Pricipal Investigator: Christopher Campbell

In mitosis, chromosome segregation by the microtubule-based mitotic spindle ensures equal partitioning of the genome between the daughter cell. Cells use multiple mechanisms to ensure that chromosomes are segregated with high fidelity. The vast majority of cancer cells are aneuploid (contain the wrong number of chromosomes), indicating that one or more of these segregation fidelity mechanisms has failed. The resulting increase in chromosome segregation errors is termed chromosomal instability (CIN).  Despite major recent advances in the genomic characterization of cancer cells, very little is known about how and why cancer cells missegregate their chromosomes.



Aneuploid cancer cell lines have defects in the strength of attachments between microtubules and the kinetochore (the microtubule-attachment site on chromosomes), and the strength of these attachments is regulated by the kinase Aurora B. Aurora B provides the catalytic activity of the chromosomal passenger complex (CPC). The CPC is a four-subunit complex that detects improper microtubule-kinetochore connections and weakens them via phosphorylation of various targets on the kinetochore. One fundamental question that we wish to address is: how does the CPC specifically destabilize aberrant kinetochore-microtubule connections?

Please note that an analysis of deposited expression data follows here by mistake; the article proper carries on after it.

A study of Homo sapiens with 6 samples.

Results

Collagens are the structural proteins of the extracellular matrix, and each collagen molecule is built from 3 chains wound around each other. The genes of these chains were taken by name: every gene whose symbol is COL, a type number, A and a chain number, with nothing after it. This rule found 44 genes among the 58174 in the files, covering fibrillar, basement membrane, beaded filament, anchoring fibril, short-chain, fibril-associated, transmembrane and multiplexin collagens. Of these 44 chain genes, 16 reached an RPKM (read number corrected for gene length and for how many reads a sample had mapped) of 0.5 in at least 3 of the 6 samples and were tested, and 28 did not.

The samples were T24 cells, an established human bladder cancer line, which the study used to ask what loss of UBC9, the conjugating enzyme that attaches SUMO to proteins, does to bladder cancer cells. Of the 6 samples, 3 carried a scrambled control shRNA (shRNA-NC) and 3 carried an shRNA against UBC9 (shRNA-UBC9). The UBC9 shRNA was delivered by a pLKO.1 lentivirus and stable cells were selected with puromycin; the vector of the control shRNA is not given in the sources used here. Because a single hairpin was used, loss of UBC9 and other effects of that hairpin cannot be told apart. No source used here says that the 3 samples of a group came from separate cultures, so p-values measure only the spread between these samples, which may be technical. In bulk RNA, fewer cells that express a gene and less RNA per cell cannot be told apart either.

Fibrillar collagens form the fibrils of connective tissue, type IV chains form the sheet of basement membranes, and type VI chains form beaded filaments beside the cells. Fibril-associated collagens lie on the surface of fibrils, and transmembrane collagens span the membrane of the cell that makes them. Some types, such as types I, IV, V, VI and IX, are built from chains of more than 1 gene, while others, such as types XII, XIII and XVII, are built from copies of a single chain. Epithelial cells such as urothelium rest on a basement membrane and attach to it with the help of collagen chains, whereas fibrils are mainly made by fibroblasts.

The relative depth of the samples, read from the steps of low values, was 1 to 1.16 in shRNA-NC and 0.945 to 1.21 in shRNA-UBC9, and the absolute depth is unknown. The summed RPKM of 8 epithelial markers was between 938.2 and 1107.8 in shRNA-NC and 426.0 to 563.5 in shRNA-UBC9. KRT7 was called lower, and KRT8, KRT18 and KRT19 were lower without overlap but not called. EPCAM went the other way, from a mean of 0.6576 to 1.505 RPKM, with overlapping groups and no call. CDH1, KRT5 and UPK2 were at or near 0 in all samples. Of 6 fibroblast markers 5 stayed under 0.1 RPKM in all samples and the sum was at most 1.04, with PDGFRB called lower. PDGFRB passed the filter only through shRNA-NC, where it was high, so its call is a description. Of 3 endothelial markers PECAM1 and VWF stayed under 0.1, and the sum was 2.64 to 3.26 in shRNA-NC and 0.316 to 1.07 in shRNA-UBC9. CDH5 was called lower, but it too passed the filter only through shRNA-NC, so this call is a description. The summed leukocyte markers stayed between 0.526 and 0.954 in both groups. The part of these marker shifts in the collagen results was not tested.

Many cancers have extremely high rates of chromosomal instability (CIN). Some cancers have chromosome segregation errors in every cell division, which would be detrimental to the growth of normal cells. Little is known about how cancers are able to thrive with high levels of CIN. We aim to determine how cells evolve to cope with CIN by creating a model system for persistent chromosomal instability in budding yeast. What types of mutations allow cells to adapt to a constantly shifting genomic content? What are the direct effects of CIN and aneuploidy on the health and viability of cells?